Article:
Weaponised Plastic: has Lego become locked in an ‘arms race’?

From an increase in weapons, violent situations, to angry expressions, researchers have found Lego land is becoming increasingly brutal.

The study, published in the peer-reviewed journal PLOS ONE, believes Lego sets have become more violent in a bid to keep childrens’ attention in the digital age.

The researchers concluded that Lego “showed significant exponential increases of violence over time”. According to the study, weapons are now included in 30% of Lego kits.

“The Lego company’s products are not as innocent as they used to be,” lead researcher Christoph Bartneck said.

“The violence in Lego products seems to have gone beyond just enriching game play.”

In addition, the research examined Lego catalogues from 1973 to 2015 and found the scenarios depicted in the company’s kits had also become more violent.

“Currently, around 40% of all pages contain some type of violence; in particular, scenarios involving shooting and threatening behaviour have increased over the years,” it found.

The study said Lego was simply reflecting a broader trend in children’s entertainment.

“To catch the attention of their customers, toy manufacturers are similarly locked in a metaphorical arms race for exciting new products,” it said.

Bartneck also conducted separate research, released in 2013, which found the number of angry expressions on Lego figures was rising as the number of happy faces declined.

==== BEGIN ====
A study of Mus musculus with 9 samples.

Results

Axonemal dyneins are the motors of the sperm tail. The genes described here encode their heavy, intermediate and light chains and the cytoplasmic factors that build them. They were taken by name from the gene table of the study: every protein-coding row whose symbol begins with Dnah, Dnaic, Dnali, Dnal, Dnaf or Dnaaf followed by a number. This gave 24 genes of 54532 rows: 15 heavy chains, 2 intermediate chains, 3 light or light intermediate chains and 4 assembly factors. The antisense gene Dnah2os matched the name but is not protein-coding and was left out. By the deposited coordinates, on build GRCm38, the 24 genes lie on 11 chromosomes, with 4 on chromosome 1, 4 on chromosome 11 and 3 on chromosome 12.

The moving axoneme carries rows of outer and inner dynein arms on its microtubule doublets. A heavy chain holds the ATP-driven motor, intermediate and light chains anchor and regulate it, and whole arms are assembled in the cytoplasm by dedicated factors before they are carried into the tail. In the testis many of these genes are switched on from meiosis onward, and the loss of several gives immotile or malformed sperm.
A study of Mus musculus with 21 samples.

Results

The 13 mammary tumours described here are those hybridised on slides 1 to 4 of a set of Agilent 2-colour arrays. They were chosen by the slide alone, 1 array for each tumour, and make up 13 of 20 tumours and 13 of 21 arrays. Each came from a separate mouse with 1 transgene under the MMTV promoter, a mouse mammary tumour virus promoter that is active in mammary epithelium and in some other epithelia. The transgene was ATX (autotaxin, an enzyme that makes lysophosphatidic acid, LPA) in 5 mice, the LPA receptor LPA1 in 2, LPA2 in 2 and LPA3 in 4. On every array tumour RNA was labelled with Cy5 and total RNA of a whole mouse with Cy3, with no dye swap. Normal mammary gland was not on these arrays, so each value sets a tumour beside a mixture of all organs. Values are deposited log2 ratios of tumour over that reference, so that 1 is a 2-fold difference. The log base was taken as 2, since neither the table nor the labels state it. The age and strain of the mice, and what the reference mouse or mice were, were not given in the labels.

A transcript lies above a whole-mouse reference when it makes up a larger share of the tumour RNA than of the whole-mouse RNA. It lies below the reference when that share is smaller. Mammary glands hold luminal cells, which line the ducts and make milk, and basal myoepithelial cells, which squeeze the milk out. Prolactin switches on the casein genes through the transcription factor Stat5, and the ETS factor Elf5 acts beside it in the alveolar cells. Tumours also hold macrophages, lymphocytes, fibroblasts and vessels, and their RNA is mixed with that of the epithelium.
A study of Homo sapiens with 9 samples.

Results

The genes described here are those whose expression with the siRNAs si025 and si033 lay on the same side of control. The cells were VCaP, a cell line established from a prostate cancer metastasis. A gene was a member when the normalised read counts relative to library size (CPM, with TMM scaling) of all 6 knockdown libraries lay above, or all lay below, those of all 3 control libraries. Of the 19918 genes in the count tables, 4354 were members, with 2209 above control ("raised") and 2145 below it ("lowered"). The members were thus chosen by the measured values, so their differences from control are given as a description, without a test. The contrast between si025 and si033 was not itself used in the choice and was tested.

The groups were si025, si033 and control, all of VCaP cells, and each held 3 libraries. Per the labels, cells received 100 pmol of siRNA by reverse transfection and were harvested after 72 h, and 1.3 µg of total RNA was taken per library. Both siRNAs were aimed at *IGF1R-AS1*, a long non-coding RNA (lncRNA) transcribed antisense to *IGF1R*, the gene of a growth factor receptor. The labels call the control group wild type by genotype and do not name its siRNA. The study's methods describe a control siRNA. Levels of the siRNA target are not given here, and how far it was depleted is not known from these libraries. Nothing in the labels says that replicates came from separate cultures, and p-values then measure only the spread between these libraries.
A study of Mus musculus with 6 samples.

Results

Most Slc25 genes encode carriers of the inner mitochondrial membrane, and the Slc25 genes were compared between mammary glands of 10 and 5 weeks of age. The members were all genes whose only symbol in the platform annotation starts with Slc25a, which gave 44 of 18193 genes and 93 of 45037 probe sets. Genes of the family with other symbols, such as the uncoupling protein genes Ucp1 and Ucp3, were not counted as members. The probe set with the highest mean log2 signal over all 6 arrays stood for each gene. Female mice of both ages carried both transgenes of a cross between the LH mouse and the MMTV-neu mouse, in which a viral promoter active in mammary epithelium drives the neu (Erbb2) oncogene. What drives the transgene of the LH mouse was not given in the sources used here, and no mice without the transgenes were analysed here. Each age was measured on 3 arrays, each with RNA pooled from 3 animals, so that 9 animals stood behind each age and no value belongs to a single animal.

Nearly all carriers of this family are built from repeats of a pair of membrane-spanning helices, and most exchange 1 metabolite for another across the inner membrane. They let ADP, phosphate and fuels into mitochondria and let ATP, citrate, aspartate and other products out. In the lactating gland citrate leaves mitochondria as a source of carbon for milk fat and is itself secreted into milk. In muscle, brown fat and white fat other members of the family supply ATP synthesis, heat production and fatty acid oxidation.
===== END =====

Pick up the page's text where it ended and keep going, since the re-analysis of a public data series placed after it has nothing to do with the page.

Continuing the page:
The advent of electronic games has threatened Lego’s future. The brand was forced to reinvent itself after it almost went bankrupt during 2003/04.

The privately-held company embarked on a bold strategy to embrace popular culture while shedding “non-core” activities such as clothing lines and the Legoland theme parks.

Instead it began selling themed kits linked to popular movie franchises such as Star Wars, Batman and Harry Potter.

It also created lighthearted computer games and animation along the same lines, paying off when “The Lego Movie” was a surprise hit in 2014.

The result has been 11 straight years of growth, with the company announcing earlier this year that net profit in 2015 soared 31 per cent to $1.95 billion.

Lego said it was a record-breaking year for the brand, with an estimated 100 million children in 140 countries playing with Lego bricks and other toys.

Lego spokesman Troy Taylor said the company’s products promoted a range of play activities such as construction, fantasy and conflict.

“As with other play types, conflict play is a natural part of a child’s development,” he said.

Taylor said weapons in Lego were always used for a broader purpose, such as saving the world, and character was emphasised over firepower.

“We always try and use humour where possible as it helps tone down the level of conflict.”